Relation of Education to Poverty Trap

Our eldest son had a parent-teacher night last Thursday evening. I had it on my calendar. I was down in Delaware. The alarm on my smartphone reminded me that I needed to leave my appointment there in time to get to his school. The principal and his teacher warmly greeted Evelyn, myself and the other parents who crowded into Spencer's room to find out what our son was learning. I am not exactly sure of the percentage of parents who made it. But most of the children were represented by at least one parent. We were attentive. We are invested in his education.

He's not even four years old.

But contrast that experience with that of teachers in elementary schools throughout cities of this country. It's like pulling teeth to get parents to come to parent-teacher conferences.

What we fail to acknowledge is that almost every child who makes it out of the "ghetto" does it with the support and encouragement of a parent who has a vision and commitment to giving their child a life that's better than theirs. Rarely do you find children who have the internal compasses that lead them out of the ghetto without some paternal or maternal support.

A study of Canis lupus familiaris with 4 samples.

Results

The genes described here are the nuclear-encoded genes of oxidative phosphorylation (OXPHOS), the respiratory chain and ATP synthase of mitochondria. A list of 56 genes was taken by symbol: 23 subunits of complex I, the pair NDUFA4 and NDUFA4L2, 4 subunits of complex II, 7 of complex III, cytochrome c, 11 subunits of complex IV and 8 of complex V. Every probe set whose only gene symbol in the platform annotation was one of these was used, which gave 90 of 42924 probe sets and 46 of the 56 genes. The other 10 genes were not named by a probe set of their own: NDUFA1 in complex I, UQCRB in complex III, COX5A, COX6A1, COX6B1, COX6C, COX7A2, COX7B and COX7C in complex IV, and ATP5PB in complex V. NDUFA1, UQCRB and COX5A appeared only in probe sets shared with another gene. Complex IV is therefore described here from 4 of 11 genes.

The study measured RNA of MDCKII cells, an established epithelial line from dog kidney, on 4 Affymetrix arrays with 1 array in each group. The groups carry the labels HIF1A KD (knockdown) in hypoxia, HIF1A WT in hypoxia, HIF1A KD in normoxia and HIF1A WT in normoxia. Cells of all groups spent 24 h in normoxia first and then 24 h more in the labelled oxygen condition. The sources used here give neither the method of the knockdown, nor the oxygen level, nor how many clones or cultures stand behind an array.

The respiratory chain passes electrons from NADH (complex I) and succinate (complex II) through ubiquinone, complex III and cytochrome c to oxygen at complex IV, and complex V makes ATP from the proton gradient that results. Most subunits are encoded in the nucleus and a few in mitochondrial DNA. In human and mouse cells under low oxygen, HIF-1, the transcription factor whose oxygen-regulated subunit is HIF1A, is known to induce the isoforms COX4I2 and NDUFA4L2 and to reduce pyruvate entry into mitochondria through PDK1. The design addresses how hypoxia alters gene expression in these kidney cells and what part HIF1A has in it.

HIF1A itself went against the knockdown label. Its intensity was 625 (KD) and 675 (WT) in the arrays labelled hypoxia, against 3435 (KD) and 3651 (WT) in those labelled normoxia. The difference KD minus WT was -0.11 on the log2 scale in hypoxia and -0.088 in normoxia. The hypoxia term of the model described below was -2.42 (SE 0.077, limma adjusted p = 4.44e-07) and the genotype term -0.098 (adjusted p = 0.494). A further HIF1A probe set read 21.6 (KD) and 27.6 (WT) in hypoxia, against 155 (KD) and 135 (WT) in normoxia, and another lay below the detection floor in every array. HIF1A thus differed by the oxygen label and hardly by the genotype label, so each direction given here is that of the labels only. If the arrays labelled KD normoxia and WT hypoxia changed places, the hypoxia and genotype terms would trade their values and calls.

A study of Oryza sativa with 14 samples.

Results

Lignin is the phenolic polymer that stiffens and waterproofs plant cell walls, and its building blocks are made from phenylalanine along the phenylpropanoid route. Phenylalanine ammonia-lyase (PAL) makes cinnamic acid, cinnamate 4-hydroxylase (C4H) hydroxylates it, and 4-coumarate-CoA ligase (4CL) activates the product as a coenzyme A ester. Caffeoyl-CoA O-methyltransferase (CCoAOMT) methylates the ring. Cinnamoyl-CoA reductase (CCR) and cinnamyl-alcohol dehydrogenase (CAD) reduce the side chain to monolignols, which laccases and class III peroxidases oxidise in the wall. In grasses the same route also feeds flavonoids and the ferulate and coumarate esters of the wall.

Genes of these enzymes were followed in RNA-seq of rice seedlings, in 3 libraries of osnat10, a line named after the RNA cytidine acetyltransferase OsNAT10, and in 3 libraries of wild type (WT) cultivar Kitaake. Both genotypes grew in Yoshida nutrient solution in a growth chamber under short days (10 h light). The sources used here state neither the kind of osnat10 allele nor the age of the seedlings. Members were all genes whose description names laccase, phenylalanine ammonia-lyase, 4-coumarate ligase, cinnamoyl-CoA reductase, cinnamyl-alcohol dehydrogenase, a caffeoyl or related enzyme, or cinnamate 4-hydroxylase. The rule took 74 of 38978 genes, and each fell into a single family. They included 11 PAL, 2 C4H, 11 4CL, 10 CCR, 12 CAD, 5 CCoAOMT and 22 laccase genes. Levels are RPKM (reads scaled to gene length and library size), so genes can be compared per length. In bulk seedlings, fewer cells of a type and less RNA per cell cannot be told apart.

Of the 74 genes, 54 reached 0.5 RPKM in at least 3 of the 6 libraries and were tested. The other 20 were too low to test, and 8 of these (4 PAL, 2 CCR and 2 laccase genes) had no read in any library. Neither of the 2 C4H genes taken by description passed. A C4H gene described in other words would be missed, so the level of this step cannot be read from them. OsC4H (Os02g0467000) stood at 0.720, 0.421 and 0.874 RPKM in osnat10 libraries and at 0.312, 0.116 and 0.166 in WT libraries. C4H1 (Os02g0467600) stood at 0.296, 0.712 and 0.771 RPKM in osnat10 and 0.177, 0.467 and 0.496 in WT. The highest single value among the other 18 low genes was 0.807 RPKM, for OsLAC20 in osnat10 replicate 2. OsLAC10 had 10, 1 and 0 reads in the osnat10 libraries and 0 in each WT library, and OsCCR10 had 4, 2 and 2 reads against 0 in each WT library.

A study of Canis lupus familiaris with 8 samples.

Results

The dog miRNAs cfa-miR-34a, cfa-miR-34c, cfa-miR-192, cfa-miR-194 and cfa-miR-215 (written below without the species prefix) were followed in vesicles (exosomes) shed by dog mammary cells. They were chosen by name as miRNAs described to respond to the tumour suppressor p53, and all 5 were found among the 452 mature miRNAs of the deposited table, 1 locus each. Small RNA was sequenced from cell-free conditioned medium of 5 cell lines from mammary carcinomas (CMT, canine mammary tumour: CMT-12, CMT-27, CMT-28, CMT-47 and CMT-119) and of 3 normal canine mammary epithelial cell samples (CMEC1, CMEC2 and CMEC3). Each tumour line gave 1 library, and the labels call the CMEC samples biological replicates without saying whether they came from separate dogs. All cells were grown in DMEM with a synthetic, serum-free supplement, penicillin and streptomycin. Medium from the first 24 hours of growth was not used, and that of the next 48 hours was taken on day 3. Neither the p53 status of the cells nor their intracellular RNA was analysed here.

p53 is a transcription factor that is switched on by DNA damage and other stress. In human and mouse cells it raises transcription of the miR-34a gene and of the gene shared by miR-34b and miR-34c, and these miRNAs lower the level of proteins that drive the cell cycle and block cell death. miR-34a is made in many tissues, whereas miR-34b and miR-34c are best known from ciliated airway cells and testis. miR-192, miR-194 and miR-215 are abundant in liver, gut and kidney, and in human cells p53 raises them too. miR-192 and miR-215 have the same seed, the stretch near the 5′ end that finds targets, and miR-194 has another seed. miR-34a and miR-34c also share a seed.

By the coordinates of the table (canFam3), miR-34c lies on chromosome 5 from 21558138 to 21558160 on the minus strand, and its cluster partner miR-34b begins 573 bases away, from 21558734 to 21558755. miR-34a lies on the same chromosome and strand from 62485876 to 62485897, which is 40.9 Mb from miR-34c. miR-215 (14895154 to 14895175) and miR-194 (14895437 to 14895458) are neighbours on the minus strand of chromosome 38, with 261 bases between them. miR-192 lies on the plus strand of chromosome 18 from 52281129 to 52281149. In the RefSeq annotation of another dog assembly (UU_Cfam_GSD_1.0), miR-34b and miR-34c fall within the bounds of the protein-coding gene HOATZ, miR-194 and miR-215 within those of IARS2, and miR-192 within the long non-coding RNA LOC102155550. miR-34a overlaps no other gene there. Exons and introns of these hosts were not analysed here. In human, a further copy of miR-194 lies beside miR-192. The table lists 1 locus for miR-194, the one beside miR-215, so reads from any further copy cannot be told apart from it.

Parent-teacher conferences of schools in poor urban cities are generally poorly attended. Evelyn used to teach in Benton Harbor, Michigan. And then she taught in North Philadelphia. Her last teaching post was in Camden, New Jersey. Time after time many kids would have no parents show up. And it was a wonder of wonders to get two parents of one child to show up at all.

I do realize that some parents don't have good transportation and it would be a difficult for them to tow their entire families to a school at night on city buses. But it can be done! And some parents need to make the sacrifice for their children regardless of the fact that it's not easy and go on and come out to the parent-teaching meetings anyway. We need to stop living in the moment and start seeing potential -- potential in ourselves and potential in others.